Reform, restructuring ahead for China's local banks: ANZ

Tracy Li
Authorities will likely introduce a slew of reforms this year, including measures to clean up unqualified shareholders and centralize share custody, a new study predicts.
Tracy Li

2020 will be a year of reform and restructuring for Chinese local banks in the battle against financial risk, a new study from ANZ Bank anticipates.

Authorities will likely introduce a slew of reforms this year, which is the final year of a three-year campaign against financial instability. The measures will include cleaning up unqualified shareholders and centralizing custody of shares, allowing multiple channels of capital supplement and making market-oriented restructuring.

China’s local commercial banks are very diversified in terms of size, location and business scope. Troubled lenders were estimated to account for no more than 2 percent of total banking assets, so overall credit risk for the industry remains manageable, said Xing Zhaopeng, a China markets economist at ANZ.

With less than 2 trillion yuan (US$281 billion) of total assets, most local banks have no nominal controllers. Even the largest owner usually holds no more than 10 percent of shares. This has given some private agglomerates the chance to control local banks for highly risky financing via entrustment agreements or variable interest entities.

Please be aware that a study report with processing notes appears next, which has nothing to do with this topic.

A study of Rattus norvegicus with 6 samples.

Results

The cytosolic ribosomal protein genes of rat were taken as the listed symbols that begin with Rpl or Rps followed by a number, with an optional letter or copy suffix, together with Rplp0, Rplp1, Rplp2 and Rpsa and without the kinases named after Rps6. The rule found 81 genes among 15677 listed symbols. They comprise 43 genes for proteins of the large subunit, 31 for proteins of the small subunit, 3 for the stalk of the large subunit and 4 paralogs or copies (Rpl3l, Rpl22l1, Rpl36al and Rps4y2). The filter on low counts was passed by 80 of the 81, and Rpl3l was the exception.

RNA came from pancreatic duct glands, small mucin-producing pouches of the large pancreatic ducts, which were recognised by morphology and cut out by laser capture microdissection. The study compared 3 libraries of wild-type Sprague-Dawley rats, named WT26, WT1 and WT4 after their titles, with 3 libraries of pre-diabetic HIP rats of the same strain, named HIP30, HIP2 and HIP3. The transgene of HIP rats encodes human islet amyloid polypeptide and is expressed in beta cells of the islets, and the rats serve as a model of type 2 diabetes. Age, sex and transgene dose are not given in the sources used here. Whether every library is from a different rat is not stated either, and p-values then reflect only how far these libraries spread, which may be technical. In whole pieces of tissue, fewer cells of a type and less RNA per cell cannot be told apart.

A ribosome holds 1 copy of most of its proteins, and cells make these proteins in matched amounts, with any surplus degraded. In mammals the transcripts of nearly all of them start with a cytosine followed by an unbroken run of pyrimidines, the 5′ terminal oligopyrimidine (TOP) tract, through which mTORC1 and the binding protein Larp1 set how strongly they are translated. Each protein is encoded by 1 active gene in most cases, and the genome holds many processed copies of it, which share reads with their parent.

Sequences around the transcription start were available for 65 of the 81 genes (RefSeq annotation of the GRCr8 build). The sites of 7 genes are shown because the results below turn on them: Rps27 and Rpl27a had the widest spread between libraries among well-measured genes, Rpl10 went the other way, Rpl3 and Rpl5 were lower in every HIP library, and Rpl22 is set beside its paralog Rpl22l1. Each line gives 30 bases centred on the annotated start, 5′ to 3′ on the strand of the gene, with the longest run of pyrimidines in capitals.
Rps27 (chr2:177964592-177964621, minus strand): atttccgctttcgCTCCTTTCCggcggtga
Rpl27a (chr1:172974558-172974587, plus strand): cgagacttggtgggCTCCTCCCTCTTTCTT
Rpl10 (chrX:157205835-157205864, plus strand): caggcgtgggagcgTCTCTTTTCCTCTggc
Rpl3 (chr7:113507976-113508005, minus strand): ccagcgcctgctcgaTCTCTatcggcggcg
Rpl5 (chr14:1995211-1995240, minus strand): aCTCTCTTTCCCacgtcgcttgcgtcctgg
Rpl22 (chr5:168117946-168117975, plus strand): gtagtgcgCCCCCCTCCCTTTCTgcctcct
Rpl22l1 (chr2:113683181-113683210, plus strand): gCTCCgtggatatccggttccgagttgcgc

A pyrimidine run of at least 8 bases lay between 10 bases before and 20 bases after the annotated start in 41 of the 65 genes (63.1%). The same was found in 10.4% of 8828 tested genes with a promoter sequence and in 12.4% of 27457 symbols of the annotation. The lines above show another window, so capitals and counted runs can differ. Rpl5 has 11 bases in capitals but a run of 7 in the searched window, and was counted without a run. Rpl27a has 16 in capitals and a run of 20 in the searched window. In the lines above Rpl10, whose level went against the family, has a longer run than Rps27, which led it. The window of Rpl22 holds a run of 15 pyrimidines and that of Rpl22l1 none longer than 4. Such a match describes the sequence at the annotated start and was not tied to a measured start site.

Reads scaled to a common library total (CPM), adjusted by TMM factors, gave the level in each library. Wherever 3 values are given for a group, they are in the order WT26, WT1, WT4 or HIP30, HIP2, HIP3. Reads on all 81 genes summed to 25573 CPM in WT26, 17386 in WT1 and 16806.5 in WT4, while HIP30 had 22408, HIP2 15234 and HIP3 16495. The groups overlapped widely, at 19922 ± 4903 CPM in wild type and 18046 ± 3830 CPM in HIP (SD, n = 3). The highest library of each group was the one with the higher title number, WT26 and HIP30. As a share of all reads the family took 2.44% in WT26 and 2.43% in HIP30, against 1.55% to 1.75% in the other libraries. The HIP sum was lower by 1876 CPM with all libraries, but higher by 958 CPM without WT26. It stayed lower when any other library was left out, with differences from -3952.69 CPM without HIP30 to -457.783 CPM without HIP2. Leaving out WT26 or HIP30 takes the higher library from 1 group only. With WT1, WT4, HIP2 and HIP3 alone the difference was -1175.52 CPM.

Authorities have made efforts to improve the corporate governance of local banks. The China Banking and Insurance Regulatory Commission claimed that over 1,400 unqualified shareholders were "cleaned up" in 2019. Some problematic institutions were restructured by larger state-owned banks and local governments.

The overall capital adequacy ratios (CAR) of local banks are still well above 12 percent, much higher than Basel-III requirements. But individual risks are still significant, as the CAR and core tier-1 CAR of some banks are below the minimal regulatory requirement, according to the study.

The COVID-19 outbreak will weigh on the profit outlook and the asset quality of local banks, which are vulnerable due to a lack of business and client diversity. However, the pandemic is unlikely to trigger a systemic risk event and credit risk will remain manageable, according to ANZ. 

ANZ expects authorities to provide a longer grace period for loan repayments and finally a write-off for bad debts, which will buy time for banks to handle problematic assets.